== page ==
Where the fire code meets the social code

Popular perception these days is that small music venues are under attack. At the end of a year that saw the imposition of a very, very quiet 55dB noise ordinance in some neighborhoods, and the shuttering of music operations at Random Row Books (which still hosts plenty of other events), the fear isn’t entirely out of place. 

Rumor had it that that Andy Gems, of the Southern Café and Music Hall, tipped off the Fire Marshal to a concert by the popular duo Birdlips (pictured) at the Twisted Branch Tea Bazaar—a tip unrelated to to building safety. But a rumored connection between Gems and Neighborhood Development Services doesn’t seem to exist, and the Fire Marshal says, in addition to following anonymous tips, he reads the calendar section of local newspapers to see where events are happening.

Those fears have flared since the Fire Marshal visited the Twisted Branch Tea Bazaar on November 11, before a concert by the popular local duo Birdlips. “Someone had called the Fire Marshal and informed them that we were going to have a show that might go beyond capacity,” says Gwendolyn Hall, who owns the Tea Bazaar. The Marshal arrived unannounced before the concert and recommended that whoever was manning the door have a clicker to count the number of patrons entering the restaurant, which filled to its 50-person capacity. “We were within our legal limits, so they looked around and left,” says Hall.

Let it be said that the Fire Marshal, of course, is in the business of ensuring that buildings are safe, and not in the business of mediating conflicts in the music community. “It is because of this potential for loss of life that the Fire Marshal has a responsibility to this community and he takes it seriously,” reads a letter to C-VILLE from Charlottesville Fire Chief Charles Werner, Director of Neighborhood Development Services Jim Tolbert and City Director of Communications Ric Barrick. “His visits to area venues should be applauded and not criticized.” The letter was sent late last week after I published a blog post on this topic.

But in light of the music community’s fears about losing venues, the question—How did the Fire Marshal know where to look?—was enough for some to wonder whether a disgruntled party or competitor was tipping off the Fire Marshal out of concerns unrelated to safety. Rumor came to have it that Andy Gems, who owns the Southern Café and Music Hall had it out for other venues, including the Tea Bazaar.

And the rumors have been everywhere. In an e-mail thread between WTJU DJs planning a dance party, one DJ mentioned the possibility of boycotting events at the Southern, pending proof that Gems has been alerting the authorities. (WTJU Rock Program Director Colin Powell clarified in an e-mail to C-VILLE that “no WTJU-sanctioned boycott was ever discussed, and we hold no ill will toward Andy or the Southern.”)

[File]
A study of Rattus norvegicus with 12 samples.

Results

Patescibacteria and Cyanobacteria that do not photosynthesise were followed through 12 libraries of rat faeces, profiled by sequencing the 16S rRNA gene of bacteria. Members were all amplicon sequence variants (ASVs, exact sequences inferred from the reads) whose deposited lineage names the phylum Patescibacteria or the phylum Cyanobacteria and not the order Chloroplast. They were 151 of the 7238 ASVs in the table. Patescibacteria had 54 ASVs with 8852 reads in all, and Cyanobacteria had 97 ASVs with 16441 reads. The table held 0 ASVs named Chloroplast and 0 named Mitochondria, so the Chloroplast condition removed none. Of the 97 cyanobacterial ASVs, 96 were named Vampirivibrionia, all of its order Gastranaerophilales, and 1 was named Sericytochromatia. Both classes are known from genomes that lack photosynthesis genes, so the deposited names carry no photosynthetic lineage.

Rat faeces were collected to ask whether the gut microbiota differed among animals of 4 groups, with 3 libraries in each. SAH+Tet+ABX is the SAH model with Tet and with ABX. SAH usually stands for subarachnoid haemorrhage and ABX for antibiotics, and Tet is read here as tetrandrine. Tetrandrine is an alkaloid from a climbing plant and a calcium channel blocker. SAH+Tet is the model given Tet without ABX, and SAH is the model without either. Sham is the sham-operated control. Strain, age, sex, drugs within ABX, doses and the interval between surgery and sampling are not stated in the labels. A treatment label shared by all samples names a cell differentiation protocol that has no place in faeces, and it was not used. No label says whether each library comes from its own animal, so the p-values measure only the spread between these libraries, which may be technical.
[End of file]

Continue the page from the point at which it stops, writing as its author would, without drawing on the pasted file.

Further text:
So I called Gems and asked him if he sends authorities like the Fire Marshal to police his competitors. “I can assure you. I did not call the Fire Marshal,” Gems says. He followed up in an e-mail that he wanted to “emphatically state for the record that I did not call the Fire Marshal on either the Tea Bazaar or Random Row Books.”

And to follow up on a rumored connection between Gems and Tolbert, I asked Tolbert if he sent the Fire Marshal to the Tea Bazaar earlier this month. “You’d have to talk to the Fire Marshal,” he says. “I haven’t talked to the Fire Marshal in a couple of months.”

Asked about the tip about the Tea Bazaar, Fire Marshal William A. Hogsten says, “I’m not sure how that came about…When I pick up my phone in the morning there’s usually one, two, sometimes three or four anonymous phone calls that are on our voicemail filing complaints.” 

Hogsten also pointed out that he constantly looks at event calendars in C-VILLE Weekly and The Hook, as well as fliers around town to see what places might be hosting events. Even so, Hogsten doesn’t walk around pitilessly assessing venues, padlock and chain in hand. “We take proactive measures before venues have the potential for being overcrowded, and then we follow up later that night and ask, How many people do you have in? How many people are you allowed to have in? Most of the time we take what they tell us at face value.”

“We’re not trying to be a bad guy with the venues here,” he says. “If anything, I love the music—I love live venues regardless of the type of music. But we’re charged with keeping a safe environment.”

And in their letter to C-VILLE, Tolbert and Werner conclude, “As public servants and as members of the community, we will always do our best to keep these establishments safe and avoid tragedies that other communities have suffered.”